WRITER’S WORD ON THE STREET


Another long time veteran author joined the discussion. She said she’s in the same boat, and she’s been paper and ink published for about two decades. Several of our more veteran published authors are in the process of reinventing their careers, scanning their backlists to convert to e-published formats and putting them out there on their own. They can’t count on contracts from the big publishing houses anymore, even though some of them have been in print for as long as twenty-five years. They’re mid-list authors. At one time, mid-list authors were considered the bread-and-butter for a publishing house. Not so today, and it’s anybody’s guess what tomorrow will bring.

The ripple affect of Borders’ closing was also discussed. The more veteran author said it has seriously impacted her sales numbers in a disastrous way, and it’s bound to affect all print published authors. Markets are shrinking faster than paper published authors can adapt.

All of it made me grateful that I’m e-pubbed. I don’t have an advance sell through rate to worry about, though I’m not sure what happens if my numbers are extremely low. (Lord, I hope they aren’t THAT low. I’ll worry about that another day.) Markets for e-books are plentiful and growing.

My CP asked me if I was going to query agents with my new book. At one point I had told her I would, but only because I want to be paper and ink published as well as e-pubbed. Now I’m not so sure. She’s had an agent for about a year, and I don’t see that having one has done her much good. I responded that I truly don’t know whether or not I would once again seek representation. After listening to the two authors talk, I’m wondering if it’s worth pursuing print publishing at all? If I don’t print publish, do I need an agent? Obviously I don’t have one. I believe I’ve been rejected by just about everyone out there.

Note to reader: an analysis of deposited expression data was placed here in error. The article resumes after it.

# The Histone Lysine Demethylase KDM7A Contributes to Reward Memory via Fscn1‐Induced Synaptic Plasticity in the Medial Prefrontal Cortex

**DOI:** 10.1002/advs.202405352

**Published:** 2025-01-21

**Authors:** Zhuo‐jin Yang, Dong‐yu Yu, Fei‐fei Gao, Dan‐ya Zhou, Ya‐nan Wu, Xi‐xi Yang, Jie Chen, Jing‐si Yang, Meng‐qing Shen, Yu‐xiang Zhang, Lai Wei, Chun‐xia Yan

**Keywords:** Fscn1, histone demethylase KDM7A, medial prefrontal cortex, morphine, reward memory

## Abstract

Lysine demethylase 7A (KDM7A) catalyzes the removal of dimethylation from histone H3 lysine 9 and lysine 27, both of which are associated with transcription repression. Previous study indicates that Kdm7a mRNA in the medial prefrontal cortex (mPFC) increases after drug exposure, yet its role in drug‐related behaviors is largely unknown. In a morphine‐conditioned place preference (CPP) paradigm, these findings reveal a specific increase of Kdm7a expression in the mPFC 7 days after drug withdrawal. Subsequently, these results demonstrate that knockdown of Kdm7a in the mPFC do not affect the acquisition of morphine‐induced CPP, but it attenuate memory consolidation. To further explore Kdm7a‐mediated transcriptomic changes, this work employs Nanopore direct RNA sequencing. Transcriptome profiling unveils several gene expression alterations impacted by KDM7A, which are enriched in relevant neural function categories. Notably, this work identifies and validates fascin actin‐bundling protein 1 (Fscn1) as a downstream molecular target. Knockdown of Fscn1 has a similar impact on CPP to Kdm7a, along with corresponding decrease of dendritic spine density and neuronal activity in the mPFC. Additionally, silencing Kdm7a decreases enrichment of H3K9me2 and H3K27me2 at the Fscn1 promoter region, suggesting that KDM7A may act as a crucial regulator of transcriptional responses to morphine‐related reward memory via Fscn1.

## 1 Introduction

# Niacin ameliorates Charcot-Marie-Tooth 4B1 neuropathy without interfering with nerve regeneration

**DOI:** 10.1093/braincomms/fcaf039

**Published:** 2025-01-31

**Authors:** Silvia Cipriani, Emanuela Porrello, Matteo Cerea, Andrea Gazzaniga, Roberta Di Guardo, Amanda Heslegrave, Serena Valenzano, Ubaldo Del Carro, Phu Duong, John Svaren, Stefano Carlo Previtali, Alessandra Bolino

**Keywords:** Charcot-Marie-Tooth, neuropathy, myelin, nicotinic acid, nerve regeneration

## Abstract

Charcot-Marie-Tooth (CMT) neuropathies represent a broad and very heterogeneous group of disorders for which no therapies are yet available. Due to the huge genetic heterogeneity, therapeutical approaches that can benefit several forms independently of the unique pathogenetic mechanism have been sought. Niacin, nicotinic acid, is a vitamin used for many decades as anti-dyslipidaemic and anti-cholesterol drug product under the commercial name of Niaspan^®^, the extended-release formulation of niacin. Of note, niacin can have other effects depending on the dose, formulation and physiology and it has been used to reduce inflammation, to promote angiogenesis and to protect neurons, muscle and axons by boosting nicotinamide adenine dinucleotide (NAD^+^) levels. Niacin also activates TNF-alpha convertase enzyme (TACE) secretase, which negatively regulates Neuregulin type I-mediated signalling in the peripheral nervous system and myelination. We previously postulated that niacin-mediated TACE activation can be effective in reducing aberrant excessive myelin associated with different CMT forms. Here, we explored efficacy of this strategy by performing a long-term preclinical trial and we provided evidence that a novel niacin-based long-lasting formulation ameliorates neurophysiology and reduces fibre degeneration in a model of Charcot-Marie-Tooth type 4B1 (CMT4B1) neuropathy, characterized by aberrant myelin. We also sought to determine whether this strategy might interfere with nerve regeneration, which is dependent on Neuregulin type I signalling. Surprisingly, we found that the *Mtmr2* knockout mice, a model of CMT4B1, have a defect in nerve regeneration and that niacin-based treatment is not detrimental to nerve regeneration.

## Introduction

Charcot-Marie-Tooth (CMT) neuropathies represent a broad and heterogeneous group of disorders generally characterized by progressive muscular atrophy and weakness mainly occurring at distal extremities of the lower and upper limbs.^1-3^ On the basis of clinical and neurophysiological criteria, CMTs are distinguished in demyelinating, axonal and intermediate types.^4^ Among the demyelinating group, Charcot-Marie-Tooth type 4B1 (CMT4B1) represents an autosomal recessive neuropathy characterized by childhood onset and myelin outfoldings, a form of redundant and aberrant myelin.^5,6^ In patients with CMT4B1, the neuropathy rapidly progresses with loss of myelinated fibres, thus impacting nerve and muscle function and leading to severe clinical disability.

Authors can submit directly to e-publishers. At least for today. Who knows what tomorrow will bring. Today we’re seeing agents turning into publishers in an attempt to adapt to their own rapidly changing world. I just don’t know. It’s all kind of up in the air.

What do the rest of you think?


  1. The whole industry is “all shook up” isn’t it? You have the advantage of knowing both sides of the coin! Enjoyed our lunch on Saturday!!

    • I agree. It’s downright weird these days. It is good to have veterans around to share their info. When I first joined MFW, we all aspired to be in print. That was the goal for so long that it’s truly hard to switch gears. I’m having trouble letting that goal go. Thanks for stopping by, Amy.